On a Misguided Application of Excluded Middle
Many discussions of logical fatalism and of the compatibility of divine foreknowledge and future contingency turn on the question of whether propositions about future contingents are true in advance. More exactly, they raise questions about whether any 'will' or 'does' propositions about events which have an intermediate chance of occurring (i.e., a current single-case objective probability greater than zero and less than one) are true. One common argument contends that the 'open future' position, which denies that any propositions about future contingents are now true, leads to a denial of the law of excluded middle (LEM). For example, in a recent collection, David Hunt writes (p. 276):
Either I will call my mother tomorrow, or I won't call my mother tomorrow. One or the other of these statements about the future must be true. The principle that either a given statement or its denial is true is called the "Law of Excluded Middle."According to Hunt, LEM necessitates that some propositions about future contingents are true. But he's simply mistaken if he thinks his example gives us a clear instance of LEM. It doesn't, and it's easy to show this.
LEM states that, for all propositions P, either P or its denial, Not-P, is the case. This can be given either a truth-functional or a supervaluationist reading.
- Truth-functional LEM: For all P, either P is true or Not-P is true.
- Supervaluationist LEM: For all P, 'either P or Not-P' is true.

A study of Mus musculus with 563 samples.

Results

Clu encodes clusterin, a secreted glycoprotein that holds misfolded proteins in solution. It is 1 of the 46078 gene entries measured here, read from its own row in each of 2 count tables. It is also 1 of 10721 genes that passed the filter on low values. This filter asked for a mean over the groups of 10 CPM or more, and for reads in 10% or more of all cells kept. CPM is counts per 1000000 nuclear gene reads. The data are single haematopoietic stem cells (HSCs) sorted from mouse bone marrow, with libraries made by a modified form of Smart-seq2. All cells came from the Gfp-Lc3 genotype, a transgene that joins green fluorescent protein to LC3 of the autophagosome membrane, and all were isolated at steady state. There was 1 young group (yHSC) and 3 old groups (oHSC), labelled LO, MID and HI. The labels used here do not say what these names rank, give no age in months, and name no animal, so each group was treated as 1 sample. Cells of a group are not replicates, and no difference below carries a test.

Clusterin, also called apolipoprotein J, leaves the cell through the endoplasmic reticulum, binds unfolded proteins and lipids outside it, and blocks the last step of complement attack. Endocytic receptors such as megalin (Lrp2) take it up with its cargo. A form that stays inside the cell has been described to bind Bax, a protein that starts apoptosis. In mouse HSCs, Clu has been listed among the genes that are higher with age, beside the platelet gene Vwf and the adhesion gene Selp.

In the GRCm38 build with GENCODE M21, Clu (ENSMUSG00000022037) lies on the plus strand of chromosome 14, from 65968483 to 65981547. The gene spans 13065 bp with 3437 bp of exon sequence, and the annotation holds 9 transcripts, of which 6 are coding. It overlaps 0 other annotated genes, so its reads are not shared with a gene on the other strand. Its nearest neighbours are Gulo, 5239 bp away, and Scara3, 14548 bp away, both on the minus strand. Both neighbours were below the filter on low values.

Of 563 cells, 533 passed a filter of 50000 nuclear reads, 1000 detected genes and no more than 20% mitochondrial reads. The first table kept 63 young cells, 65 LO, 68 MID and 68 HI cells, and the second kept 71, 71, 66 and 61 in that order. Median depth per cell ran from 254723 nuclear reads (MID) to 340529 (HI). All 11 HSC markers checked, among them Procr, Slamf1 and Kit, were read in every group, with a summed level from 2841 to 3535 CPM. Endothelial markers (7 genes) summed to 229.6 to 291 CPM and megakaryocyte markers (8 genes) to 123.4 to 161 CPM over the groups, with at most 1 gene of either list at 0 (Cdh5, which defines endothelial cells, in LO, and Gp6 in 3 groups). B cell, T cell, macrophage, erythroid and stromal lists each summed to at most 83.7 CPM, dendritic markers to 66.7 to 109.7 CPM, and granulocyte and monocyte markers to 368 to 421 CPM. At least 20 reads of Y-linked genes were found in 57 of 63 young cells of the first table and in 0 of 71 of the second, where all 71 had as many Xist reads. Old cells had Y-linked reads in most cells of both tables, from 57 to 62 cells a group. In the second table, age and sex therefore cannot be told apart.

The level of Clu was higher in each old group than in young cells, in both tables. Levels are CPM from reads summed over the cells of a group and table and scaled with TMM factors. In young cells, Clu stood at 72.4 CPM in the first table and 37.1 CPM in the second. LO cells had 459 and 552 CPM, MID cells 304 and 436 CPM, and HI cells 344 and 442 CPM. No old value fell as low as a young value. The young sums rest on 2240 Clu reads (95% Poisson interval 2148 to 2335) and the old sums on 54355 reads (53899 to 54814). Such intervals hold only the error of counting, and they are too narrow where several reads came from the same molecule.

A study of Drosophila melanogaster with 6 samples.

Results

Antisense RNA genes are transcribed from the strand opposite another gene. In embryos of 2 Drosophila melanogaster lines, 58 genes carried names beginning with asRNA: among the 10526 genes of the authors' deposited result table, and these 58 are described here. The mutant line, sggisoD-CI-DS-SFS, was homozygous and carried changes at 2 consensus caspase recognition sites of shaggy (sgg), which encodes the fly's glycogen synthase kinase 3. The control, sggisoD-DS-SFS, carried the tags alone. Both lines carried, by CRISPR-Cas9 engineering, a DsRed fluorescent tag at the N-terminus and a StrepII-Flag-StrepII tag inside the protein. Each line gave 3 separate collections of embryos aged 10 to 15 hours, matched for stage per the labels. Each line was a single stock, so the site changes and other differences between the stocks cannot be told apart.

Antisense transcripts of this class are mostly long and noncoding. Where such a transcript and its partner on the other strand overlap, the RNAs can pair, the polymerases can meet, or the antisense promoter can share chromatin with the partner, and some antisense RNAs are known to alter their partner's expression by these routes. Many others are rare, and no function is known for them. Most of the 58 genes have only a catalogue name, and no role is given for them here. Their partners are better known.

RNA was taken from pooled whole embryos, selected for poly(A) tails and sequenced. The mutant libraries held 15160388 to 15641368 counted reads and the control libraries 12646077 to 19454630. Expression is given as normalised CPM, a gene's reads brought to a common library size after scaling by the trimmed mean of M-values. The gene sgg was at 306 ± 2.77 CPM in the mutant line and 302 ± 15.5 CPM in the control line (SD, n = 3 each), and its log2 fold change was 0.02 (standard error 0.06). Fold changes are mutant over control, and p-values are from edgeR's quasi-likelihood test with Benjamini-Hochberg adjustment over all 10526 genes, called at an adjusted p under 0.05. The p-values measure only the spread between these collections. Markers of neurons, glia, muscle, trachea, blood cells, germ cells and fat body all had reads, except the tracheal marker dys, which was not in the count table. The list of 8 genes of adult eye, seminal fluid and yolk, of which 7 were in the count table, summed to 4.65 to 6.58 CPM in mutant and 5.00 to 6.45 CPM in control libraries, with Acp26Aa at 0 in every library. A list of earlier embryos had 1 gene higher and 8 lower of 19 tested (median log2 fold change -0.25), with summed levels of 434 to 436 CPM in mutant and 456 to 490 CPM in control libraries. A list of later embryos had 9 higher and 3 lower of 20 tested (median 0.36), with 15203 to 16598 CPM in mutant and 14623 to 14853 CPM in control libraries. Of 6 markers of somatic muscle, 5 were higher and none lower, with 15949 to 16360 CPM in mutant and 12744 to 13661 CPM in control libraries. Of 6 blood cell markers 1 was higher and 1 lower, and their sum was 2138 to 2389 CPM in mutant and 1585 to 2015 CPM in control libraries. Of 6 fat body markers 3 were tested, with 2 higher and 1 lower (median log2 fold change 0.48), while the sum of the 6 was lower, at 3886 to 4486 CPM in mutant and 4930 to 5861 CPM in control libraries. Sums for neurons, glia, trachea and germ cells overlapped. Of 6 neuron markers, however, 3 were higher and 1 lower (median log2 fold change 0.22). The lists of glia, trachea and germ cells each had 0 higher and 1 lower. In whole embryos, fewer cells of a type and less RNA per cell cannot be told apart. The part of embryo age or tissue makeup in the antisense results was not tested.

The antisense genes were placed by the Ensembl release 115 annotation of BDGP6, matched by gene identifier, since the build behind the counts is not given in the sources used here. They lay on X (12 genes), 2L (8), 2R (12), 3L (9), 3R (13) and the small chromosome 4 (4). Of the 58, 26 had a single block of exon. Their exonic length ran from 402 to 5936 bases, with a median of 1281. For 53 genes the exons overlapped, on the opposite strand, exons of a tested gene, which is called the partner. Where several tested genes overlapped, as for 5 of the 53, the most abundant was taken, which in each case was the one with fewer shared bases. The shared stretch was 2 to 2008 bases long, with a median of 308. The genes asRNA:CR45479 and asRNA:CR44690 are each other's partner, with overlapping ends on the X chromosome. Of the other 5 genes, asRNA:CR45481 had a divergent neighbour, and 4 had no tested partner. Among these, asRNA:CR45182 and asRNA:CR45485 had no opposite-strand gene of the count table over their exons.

But Hunt's example doesn't correspond to either reading of LEM. To show this we need only describe a logically possible scenario in which neither (1) 'Hunt calls his mother tomorrow' nor (2) 'Hunt does not call his mother tomorrow' obtains. Here's one: Hunt doesn't exist. In that case, Hunt isn't around either to call his mother or to refrain from calling his mother. So neither (1) nor (2) is true. (Compare with 'The present king of France is bald' and 'The present king of France is not bald'. Neither of those is true if there is no present king of France.)
Hunt might respond by suggesting that we should read (2) as (2*) 'It is not the case that Hunt calls his mother tomorrow'. On that reading we do indeed have an instance of LEM with (1) and (2*). But a new problem arises: (2*) isn't about a future contingent. It is true right now simply in virtue of the fact that tomorrow hasn't happen yet. Hence its current truth doesn't depend on anything future. What's more, its truth doesn't depend on Hunt's existence, the existence of his mother, or even the existence of any created thing whatsoever. Of course, if tomorrow Hunt should call his mother, (2*) will then have become false. But that in no way licenses the inference that it is now false.
In sum, either we have a choice between propositions about future contingents, but LEM fails to apply, or LEM applies, but we are no longer forced to choose between two propositions about future contingents. Either way, Hunt's argument has zero force against the open future position.